4 November 2020

Sizewell is crucial to a greener, more independent energy future

By Connor Tomlinson and Sam Curran

A new nuclear power plant at Sizewell in Suffolk is soon expected to be given the green light. The announcement has caused consternation in some quarters – with concerns being raised about the impact on the local environment and the involvement of Chinese investors. But if Britain is to achieve energy self-sufficiency and meet its net zero emissions target by 2050, we need to get this facility built.

Nuclear energy is a safe, practical and sustainable solution to our long-term energy needs. Nuclear plants aren’t weather-dependent like solar or wind, and only produce emissions during construction and decommission. By comparison coal plants have five times the workplace deaths and 470 times the air pollution-related deaths. In the UK we generate 40% of our energy from natural gas, and we’re a net importer as a result. The United States, on the other hand, has become a net exporter of oil while reducing emissions in 2019. Britain must look to sources like nuclear if we are to attain similar energy independence.

At the moment 20% of our annual energy comes from nuclear stations, but half of these are set to be retired by 2025. So the anticipated announcement from the Government confirming construction of the Sizewell C [SZC] nuclear power station is timely. Beside the Drax coal and Biomass station, SZC and its sister station Hinckley Point C [HPC] will be the UK’s largest by capacity, with each station supplying six million homes with electricity for a likely operational life of 60 years.

However, the construction of SZC has been met with concern over the economic viability of its design. Pressure from unions to preserve jobs at HPC has inflated construction costs, forcing the Government to consider purchasing a stake in the project alongside primary funder EDF – that could mean rising energy bills over the decade required to complete construction.

Practical factors diminish these objections somewhat. SZC will replicate the design of HPC and benefit from the experience of the same workforce, which should reduce construction costs, and HPC’s second reactor was built in 30% less time than its first. But it does look like public money will have to be spent. However, the transition to renewables is predicted to increase energy prices from all sources. Therefore, it makes sense for Britain get a head-start on both energy independence, and pacing out energy price inflation, by investing in plants like SZC now.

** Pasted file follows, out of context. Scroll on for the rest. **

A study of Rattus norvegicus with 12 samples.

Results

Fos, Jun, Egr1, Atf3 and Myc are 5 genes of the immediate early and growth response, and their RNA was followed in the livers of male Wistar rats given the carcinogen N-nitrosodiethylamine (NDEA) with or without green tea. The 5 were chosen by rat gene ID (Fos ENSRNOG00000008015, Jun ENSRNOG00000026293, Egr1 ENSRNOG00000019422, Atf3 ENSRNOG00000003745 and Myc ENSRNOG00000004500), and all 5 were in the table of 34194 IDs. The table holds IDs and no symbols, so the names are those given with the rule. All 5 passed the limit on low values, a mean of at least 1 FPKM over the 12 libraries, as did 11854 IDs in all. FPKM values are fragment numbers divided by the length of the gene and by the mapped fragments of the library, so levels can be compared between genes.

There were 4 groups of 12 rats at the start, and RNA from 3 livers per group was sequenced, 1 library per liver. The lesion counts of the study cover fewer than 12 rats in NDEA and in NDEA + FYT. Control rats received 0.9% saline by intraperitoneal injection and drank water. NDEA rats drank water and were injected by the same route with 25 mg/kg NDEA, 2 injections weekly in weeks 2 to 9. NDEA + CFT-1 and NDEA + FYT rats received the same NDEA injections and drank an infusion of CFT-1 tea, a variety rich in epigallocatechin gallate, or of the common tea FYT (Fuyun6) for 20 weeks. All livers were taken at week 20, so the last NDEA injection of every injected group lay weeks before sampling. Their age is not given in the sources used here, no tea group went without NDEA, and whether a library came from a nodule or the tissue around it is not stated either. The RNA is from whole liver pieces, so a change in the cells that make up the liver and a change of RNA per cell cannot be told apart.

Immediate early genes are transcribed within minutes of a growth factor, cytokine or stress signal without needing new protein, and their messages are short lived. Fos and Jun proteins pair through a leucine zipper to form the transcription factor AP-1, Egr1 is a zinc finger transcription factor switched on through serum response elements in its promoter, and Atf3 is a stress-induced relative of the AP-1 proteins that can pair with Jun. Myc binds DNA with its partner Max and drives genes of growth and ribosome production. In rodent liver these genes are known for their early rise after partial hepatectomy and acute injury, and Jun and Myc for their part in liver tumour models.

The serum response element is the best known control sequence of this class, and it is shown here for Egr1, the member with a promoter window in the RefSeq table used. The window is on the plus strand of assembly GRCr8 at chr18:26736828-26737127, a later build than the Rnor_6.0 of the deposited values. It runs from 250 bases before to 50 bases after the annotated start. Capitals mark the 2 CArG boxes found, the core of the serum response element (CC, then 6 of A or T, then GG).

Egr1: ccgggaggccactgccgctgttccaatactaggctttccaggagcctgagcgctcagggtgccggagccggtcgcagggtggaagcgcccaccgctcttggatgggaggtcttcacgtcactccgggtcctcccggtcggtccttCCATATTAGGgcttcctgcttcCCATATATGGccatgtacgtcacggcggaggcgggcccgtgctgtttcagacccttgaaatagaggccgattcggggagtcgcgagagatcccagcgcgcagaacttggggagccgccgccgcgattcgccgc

Local activists have also expressed animosity toward the project’s prospective environmental impact. SZC will be built in an area of marshland previously raised as part of the sea defences for another nuclear power station, Sizewell B. However the reduction in emissions and pollutants with a transition to nuclear will produce greater, broader environmental benefits which outweigh the effects in the immediate vicinity of the plant. This particular project will, according to EDF, prevent nine million tonnes of CO2 being released.

There’s also understandable anxiety over Chinese investment in these plants. State-owned company CGN owns a 33% stake in HPC, and 22% in SZC. With the Huawei 5G deal already scrapped due to security concerns, and strained relations caused by China’s conduct in Hong Kong, it’s arguable their involvement is too great a risk to take.

Private sector funding incentives, like qualified tax-exempt interest loans for green industries, have been floated as ways of reducing the cost to taxpayers of construction. These private investment methods, if adopted, could encourage more dependable, domestic sources of private investment in the future. In the meantime, the government is right to scrutinise Chinese state investment in SZC and adjacent projects. But the need to seek alternative funding mechanisms for these plants does not make them any less essential.

SZC, and future projects, will become the nuclear cornerstone of a self-sufficient National Grid and enable Britain to reach its net zero emissions target by 2050. So ignore the unscientific luddites – nuclear is the way forwards for clean, green and economically viable energy.


Columns are the author's own opinion and do not necessarily reflect the views of CapX.